NY-born man arrested in Hawaii in terror case

NEW YORK (AP) — A New York City-born man was ordered to return from Hawaii where he was arrested on charges he tried to join the U.S. military at a Times Square recruiting station so he could be deployed to Iraq, desert and fight with anti-American insurgency forces.

Abdel Hameed Shehadeh, 21, was charged with making false statements in the midst of a New York-based terrorism investigation, authorities said Monday.

A U.S. Department of Justice news release said Shehadeh was arrested Friday in Honolulu. A judge there ordered him on Monday to return to Brooklyn to face charges. It was unclear when he would appear in a New York court.

Shehadeh’s attorney, Matthew Winter, didn’t immediately respond to a phone call and e-mail requesting comment Monday.

“As charged in the complaint, Shehadeh lied about the purpose of his travel to Pakistan, then he lied in his attempt to join the U.S. military, and lied about why he sought to enlist,” Janice Fedarcyk, head of New York’s FBI office, said in a statement. “The real purpose, it is alleged, was not to join U.S. forces, but to wage war against them. Stopping one prospective terrorist can prevent untold numbers of casualties.”

A criminal complaint unsealed in federal court in Brooklyn said the FBI and the New York Police Department had been investigating Shehadeh “and several other individuals in connection with a plot to travel overseas and wage violent jihad against the United States and other coalition military forces.”

The complaint alleged that Shehadeh, who was born in the United States and lived on Staten Island, caught the attention of U.S. authorities by buying a one-way ticket to Pakistan in June 2008. Once he arrived there, Pakistani officials wouldn’t allow him into the country and he returned to New York.

A follow-up investigation found that Shehadeh had created Internet postings and video promoting jihad, the complaint said.

In October 2006, the complaint said, Shehadeh went to Times Square to try to join the Army. It said when a recruiter asked him if he’d traveled overseas, he lied and said he’d only been to Israel.

Later that month, Shehadeh tried to fly from Newark, N.J. to Jordan, where he again was not allowed entry. Once he returned to the United States on a flight to Detroit, counterterrorism investigators confronted him about his radical Internet writings.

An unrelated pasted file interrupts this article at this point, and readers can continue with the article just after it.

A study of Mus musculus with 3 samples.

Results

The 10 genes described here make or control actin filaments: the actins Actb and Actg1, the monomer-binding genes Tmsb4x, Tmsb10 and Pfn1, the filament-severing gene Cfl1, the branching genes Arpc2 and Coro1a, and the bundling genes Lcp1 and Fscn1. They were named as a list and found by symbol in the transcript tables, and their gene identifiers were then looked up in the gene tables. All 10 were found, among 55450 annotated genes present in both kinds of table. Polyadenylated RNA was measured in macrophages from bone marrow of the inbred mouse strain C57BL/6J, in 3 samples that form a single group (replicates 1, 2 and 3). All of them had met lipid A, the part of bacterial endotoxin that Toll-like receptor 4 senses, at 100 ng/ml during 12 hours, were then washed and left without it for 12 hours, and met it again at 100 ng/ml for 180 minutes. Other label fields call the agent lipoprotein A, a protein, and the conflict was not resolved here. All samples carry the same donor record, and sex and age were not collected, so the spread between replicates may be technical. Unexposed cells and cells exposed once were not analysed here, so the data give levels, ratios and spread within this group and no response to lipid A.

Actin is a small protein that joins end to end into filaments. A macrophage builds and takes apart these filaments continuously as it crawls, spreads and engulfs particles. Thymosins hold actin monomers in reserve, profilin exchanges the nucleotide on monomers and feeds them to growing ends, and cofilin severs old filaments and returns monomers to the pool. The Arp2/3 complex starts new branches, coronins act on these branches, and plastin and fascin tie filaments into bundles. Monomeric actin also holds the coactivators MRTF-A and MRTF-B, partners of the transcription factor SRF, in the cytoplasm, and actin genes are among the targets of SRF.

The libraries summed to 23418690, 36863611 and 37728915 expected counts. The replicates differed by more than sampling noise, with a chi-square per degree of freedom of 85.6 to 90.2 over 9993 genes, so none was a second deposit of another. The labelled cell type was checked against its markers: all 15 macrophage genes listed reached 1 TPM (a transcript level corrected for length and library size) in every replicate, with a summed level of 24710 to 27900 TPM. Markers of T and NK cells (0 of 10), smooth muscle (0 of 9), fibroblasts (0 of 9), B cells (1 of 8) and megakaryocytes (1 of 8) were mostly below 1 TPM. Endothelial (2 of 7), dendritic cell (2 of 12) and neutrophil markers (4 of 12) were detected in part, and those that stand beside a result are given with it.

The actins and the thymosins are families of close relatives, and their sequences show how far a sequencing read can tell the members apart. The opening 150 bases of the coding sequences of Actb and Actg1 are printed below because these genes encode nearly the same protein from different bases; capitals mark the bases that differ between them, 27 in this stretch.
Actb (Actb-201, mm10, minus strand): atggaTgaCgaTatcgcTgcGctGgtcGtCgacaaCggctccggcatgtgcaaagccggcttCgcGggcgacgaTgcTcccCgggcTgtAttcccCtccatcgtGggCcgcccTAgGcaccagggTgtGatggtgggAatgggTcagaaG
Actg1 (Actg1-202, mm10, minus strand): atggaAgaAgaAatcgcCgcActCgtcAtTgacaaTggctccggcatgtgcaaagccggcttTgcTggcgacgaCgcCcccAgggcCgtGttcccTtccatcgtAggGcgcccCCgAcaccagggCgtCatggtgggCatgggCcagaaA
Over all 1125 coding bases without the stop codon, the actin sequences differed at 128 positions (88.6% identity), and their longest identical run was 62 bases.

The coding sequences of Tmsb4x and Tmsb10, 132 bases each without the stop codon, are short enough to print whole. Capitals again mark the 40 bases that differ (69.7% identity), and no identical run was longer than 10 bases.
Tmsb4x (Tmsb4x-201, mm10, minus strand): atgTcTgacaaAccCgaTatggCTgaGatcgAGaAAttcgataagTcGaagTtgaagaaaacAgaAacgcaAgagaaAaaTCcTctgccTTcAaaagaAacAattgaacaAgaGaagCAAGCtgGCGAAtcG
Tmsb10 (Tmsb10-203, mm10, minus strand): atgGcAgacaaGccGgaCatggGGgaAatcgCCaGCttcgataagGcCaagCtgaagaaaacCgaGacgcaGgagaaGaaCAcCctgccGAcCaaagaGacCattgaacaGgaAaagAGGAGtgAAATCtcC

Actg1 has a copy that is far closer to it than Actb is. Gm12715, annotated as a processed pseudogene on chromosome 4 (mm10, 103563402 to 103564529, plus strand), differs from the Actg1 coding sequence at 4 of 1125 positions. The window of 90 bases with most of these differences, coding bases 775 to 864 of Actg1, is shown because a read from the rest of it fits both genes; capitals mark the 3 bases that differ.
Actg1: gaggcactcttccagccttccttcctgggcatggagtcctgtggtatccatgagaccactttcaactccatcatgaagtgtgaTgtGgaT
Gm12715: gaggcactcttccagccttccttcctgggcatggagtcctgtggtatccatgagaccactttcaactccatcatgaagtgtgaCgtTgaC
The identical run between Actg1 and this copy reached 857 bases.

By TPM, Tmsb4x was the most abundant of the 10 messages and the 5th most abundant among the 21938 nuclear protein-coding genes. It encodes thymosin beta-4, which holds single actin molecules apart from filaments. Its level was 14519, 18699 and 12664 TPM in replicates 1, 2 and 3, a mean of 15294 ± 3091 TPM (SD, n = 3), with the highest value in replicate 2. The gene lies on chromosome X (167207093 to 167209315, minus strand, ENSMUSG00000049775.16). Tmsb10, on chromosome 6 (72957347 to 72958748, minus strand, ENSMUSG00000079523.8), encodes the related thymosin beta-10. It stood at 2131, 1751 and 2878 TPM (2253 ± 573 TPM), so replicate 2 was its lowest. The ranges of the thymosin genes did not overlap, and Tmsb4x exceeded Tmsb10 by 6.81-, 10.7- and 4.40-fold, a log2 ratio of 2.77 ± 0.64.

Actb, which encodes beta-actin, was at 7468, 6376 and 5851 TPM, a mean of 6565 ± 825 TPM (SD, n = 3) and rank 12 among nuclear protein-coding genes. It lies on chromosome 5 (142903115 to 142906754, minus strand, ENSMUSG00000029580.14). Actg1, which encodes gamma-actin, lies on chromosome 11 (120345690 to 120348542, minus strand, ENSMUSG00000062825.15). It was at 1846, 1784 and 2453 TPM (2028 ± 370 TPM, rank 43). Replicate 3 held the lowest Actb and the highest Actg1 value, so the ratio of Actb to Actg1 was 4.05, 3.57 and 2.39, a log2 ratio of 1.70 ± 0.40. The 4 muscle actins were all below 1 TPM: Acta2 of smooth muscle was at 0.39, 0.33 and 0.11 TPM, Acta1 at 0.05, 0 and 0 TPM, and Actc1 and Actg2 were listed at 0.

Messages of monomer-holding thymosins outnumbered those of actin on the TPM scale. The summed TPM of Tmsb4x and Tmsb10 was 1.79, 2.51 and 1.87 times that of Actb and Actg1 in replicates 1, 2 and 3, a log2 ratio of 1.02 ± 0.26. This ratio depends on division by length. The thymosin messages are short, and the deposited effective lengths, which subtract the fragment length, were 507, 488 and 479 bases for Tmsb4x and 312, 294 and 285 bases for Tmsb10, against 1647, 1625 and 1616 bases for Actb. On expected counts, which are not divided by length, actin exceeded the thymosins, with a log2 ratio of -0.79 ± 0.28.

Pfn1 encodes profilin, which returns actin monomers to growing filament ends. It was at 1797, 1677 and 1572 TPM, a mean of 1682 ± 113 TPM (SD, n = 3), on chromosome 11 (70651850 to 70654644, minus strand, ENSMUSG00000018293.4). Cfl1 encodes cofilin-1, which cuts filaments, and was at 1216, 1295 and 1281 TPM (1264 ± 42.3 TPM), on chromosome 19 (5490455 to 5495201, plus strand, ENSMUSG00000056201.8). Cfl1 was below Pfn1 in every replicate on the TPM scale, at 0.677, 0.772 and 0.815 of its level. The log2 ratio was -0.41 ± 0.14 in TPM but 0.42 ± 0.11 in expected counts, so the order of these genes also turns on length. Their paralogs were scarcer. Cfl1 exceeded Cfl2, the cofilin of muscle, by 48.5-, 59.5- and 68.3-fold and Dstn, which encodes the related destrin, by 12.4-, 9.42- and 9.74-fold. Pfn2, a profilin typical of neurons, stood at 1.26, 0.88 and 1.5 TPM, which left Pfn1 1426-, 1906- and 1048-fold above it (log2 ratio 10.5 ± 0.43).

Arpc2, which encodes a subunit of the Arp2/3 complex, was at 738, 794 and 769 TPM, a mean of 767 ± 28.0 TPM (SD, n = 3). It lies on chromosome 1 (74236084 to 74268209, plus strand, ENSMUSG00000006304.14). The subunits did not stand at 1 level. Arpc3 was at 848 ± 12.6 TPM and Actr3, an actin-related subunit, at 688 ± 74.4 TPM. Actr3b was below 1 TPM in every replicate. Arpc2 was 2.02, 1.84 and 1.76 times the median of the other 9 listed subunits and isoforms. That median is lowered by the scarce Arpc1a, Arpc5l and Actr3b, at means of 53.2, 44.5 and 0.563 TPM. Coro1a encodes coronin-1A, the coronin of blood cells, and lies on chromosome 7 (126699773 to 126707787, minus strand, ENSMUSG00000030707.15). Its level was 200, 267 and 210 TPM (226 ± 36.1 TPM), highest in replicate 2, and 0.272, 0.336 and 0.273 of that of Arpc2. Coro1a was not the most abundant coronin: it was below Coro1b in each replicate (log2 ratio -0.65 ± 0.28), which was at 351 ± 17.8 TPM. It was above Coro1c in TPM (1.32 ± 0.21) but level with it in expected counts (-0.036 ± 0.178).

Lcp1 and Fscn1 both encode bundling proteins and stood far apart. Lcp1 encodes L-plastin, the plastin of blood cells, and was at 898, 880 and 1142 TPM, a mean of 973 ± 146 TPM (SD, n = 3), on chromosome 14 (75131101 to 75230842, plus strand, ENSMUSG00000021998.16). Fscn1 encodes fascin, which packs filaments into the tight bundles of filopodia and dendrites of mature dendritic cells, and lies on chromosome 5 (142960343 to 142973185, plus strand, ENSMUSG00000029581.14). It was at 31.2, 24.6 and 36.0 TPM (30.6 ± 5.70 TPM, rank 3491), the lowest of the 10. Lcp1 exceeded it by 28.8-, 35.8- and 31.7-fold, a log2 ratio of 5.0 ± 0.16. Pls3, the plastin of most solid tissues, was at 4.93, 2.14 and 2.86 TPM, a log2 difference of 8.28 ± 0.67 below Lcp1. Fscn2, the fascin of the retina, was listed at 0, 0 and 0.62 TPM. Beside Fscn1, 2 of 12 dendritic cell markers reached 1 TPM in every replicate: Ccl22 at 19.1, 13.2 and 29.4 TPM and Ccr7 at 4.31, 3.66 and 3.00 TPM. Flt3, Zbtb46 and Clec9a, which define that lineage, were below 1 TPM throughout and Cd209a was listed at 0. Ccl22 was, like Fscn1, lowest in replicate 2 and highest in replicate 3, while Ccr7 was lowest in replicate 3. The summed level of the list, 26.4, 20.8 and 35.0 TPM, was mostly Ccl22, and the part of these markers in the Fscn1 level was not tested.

The complaint said under questioning, he admitted that one of his Web sites was “designed to mirror and reformat the teachings of radical U.S.-born Muslim cleric Anwar al-Awlaki” and “that in the past, he agreed with and sympathized with al-Qaida’s violent jihad against the West.”

The complaint also alleged Shehadeh attempted to recruit another person to join him to train in Pakistan immediately after the two discussed a sermon by al-Awlaki.

The complaint said Shedaheh insisted he tried to go to Pakistan for religious, not military, training. But witnesses who knew him told investigators that he instructed them that it was the duty of Muslims to fight jihad — and that signing up in Times Square was the best way to achieve his goal.

Shehadeh “informed (one witness) that he hoped to be deployed to Iraq,” the complaint said. “At the time he was applying to join the military, Shehadeh told (the witness), when he arrived in Iraq, he intended to commit ’treason’ and fight United States soldiers. (He) explained that joining the military was an easier way to join jihad because the military would provide him with training, transportation and a weapon.”

The complaint said Shehadeh traveled to Hawaii in April 2009. There, he bought an airline ticket to Dubai in June, but was intercepted by FBI agents who told him he was on a “no fly” list. In subsequent interviews, he allegedly admitted he had hoped to join the Taliban and receive “guerrilla warfare” and “bomb-making” training, the complaint said.